Whalley is heritage, albeit heritage lite. Surrey City Centre is not.

So let it be written…

I suppose I’m opening myself up to ridicule here, but the other afternoon I was driving northbound on King George Boulevard (which used to be called a highway) when I was struck, I mean really struck, in an epiphanic way, by Whalley’s burgeoning skyline.

Sure, I’d noticed the buildings before now (duh), but this was the first time I could really appreciate what our future downtown will look like, and all the promise it represents. It will be impressive.

Maybe it was the lighting — for a brief moment, I didn’t need my windshield wipers on. For the record, I was also keeping my eyes on the road (for the record).

I’m not that old, but old enough to remember seeing SkyBridge being built to bring SkyTrain from New Westminster to Surrey. I remember Bill Vander Zalm opening the Scott Road SkyTrain station in 1990, and covering a press conference where mayor Bob Bose, wearing a countenance not unlike that of a proud father, leaned over an architect’s board containing all kinds of little plastic model skyscrapers that were the imagined future of Surrey’s “city centre.”

I never liked that name, City Centre. To me, it’s Whalley, and always will be, dagnabbit.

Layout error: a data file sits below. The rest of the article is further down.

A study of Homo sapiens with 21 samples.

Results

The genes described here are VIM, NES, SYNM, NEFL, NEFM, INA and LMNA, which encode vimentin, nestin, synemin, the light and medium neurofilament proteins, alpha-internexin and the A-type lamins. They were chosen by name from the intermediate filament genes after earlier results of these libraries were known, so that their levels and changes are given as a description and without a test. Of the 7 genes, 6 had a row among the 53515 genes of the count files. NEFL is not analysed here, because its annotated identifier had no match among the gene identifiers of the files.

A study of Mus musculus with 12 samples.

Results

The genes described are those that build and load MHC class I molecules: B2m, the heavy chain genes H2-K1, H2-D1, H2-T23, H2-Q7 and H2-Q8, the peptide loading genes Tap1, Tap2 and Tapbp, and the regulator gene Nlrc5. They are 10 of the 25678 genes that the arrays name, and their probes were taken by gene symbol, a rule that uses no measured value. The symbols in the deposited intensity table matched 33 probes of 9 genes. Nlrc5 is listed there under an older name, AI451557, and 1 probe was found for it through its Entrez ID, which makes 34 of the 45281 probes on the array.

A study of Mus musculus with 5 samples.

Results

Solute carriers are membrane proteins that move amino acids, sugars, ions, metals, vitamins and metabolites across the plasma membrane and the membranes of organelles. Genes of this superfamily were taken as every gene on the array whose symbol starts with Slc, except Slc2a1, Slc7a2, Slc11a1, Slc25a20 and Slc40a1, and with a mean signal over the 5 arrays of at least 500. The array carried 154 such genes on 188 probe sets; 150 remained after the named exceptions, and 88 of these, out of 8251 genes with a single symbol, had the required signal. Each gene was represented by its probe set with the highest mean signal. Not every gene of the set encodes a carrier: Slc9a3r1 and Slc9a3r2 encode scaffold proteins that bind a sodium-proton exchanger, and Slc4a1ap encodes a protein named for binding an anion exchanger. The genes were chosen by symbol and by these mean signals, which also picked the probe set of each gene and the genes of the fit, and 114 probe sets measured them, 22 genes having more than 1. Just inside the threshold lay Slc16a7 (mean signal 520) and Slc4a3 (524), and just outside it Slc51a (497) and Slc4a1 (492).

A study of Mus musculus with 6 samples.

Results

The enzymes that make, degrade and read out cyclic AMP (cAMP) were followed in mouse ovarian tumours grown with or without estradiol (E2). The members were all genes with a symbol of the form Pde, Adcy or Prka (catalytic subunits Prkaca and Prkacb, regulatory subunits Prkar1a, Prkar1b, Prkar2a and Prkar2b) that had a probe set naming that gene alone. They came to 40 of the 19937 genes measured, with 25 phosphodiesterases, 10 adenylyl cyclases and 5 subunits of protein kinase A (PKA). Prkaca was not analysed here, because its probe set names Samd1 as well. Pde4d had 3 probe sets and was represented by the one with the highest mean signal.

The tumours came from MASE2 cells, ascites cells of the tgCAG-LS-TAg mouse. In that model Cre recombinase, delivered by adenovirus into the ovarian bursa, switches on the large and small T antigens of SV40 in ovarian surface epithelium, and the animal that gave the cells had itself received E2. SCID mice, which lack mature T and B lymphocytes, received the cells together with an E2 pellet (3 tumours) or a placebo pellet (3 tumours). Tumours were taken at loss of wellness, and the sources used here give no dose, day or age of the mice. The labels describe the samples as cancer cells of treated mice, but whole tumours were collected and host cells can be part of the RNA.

I also remember as a young lad playing knights and archers at Chirk Castle in Wales, with my cousin Christopher.

The castle was built in 1295, and of course we have nothing like that here in Canada. But the sheer oldness of my mother’s native Britain would lead her to often say what a shame it is how Canadians so often fail to preserve their heritage.

And for me, locally, Whalley is heritage, albeit heritage lite. Surrey City Centre is not. It’s an incredibly unimaginative name, in my opinion, as is MetroTown in Burnaby. Heck, even Batman got Gotham City, and, from what I’ve heard, he’s actually a fictional character. Don’t real people deserve better?

I broached this subject of Surrey City Centre, and all the blandosity this name represents in a column entitled “Little rationale for name change,” back in the deep past of 1992. I imagined a child 20 years in the future — which, strangely enough, is now five years in the past — strolling downtown with his mother, and asking her where the name Surrey City Centre came from.

“Oh, some bureaucrats thought it up,” she’d reply. End of story.

Or is it?

At least one major land developer downtown, Charan Sethi, intends to pay homage to old-school Whalley by incorporating a heritage-district element into his Flamingo block project. He told me, some while ago, that there are a lot of people who are proud of living in Whalley and don’t want to see its name wiped off the map.

Alas, as the skyscrapers go up, the Battle of Whalley, at least for using that name instead of Surrey City Centre, has long been lost.

One for the history books. Kind of a shame, I’d say.

So let it be done.

About the Author: Tom Zytaruk

I write unvarnished opinion columns and unbiased news reports for the Surrey Now-Leader.